Implementing Powerful Change

Implementing Powerful Change
January 18, 2012 seouser
business lessons


Managers should ask themselves some basic questions before brainstorming ideas for new projects. Industry heuristics and tradition can often stand in the way of adaptation. Managers must be able to go back to square one, start from scratch, and ask fundamental questions such as: “Specifically, why are we in business?” and“Exactly why have we always done things the way we do them?” Innovative managers must be able to answer these questions honestly and intelligently to see the results they desire. Basic assumptions and things “taken for granted” must fall by the wayside.


Successful managers should think big. A powerful change strategy must be thorough and complete. Adaptation isn’t about making tiny improvements here and there, but rather setting a business up to compete both today and tomorrow. While not every business requires big change, dramatic changes are often implemented by companies that are struggling mightily, companies that are in pending trouble, or businesses that are industry leaders aiming to shake out the weak hands.


Radical changes are often the hardest to accept. For example, when online media burst onto the scenes in a major way, many traditional print publications were slow to adapt, and now struggle to keep their doors open. The companies that recognized the massive shifts in the way media was being consumed were first to market and enjoy continued success today. Managers must recognize when fundamental shifts have occurred, and act accordingly.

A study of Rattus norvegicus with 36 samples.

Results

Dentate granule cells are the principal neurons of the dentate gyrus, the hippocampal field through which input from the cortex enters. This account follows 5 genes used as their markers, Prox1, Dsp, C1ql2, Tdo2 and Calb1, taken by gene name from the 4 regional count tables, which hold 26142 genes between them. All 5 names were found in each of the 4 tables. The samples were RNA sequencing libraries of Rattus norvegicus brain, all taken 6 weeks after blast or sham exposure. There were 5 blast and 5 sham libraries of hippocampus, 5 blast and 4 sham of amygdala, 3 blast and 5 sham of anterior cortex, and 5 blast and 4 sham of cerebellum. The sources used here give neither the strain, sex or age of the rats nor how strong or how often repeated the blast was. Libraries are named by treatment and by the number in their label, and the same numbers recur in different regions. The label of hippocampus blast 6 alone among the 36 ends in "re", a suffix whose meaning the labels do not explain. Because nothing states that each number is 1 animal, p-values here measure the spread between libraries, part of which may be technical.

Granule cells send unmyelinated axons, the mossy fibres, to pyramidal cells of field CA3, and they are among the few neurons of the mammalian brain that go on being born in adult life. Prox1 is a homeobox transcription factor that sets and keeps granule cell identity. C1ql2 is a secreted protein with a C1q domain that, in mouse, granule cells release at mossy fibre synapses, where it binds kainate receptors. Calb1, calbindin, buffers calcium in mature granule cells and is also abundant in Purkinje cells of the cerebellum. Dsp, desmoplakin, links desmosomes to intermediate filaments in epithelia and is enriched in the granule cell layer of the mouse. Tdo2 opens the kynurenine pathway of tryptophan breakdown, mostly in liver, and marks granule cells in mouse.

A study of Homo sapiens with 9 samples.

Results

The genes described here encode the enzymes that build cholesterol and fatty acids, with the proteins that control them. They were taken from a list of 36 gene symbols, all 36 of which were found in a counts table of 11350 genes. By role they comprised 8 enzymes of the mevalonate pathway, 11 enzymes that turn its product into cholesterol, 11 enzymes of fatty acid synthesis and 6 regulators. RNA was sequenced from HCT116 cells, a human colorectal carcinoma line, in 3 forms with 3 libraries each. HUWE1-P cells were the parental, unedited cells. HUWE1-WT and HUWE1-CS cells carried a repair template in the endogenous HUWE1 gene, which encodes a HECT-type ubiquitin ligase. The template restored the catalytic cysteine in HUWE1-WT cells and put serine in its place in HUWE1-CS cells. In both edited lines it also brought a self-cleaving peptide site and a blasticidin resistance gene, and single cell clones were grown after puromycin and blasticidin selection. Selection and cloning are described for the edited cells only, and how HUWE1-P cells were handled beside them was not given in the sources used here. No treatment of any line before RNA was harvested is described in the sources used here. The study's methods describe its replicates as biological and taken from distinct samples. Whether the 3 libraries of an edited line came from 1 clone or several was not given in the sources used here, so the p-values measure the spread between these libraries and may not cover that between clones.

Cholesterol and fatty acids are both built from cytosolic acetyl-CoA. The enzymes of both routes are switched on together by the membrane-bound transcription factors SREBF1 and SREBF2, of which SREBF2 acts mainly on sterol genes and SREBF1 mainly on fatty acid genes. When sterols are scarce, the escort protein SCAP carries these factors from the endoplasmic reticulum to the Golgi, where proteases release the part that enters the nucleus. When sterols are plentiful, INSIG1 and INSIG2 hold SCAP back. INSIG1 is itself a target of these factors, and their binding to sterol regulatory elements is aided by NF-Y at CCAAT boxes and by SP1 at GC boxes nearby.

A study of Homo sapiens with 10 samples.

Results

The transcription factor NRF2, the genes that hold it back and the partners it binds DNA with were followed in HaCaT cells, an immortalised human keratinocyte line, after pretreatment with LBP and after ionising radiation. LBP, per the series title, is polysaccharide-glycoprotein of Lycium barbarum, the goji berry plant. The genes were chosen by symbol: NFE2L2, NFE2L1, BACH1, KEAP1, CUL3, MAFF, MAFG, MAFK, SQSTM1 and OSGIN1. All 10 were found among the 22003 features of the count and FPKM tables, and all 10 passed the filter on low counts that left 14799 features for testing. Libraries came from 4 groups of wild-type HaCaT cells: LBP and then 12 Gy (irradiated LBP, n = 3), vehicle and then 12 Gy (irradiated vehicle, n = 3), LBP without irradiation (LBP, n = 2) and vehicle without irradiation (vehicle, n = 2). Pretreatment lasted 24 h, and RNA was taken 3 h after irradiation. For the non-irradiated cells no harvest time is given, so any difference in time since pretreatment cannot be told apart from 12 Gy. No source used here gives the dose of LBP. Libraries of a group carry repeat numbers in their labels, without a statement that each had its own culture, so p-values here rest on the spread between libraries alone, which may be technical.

Unfortunately, all too many businesses are not process oriented. Managers focus on high-level ideas such as the people they hire, the jobs they perform, and their respective company’s traditional way of doing things. However, if a manager wishes to successfully implement change, he must be able to break projects down into their smallest factors. Without a process-oriented strategy, the best laid plans can go to waste. By examining the process as a whole, departments can be combined, money can be saved, and time can be reallocated to more appropriate tasks.

Guest Author:

Dan Stokes is a former marketing executive, and currently contributes to Contemporary Manager, and advises businesses on implementing strategic planning.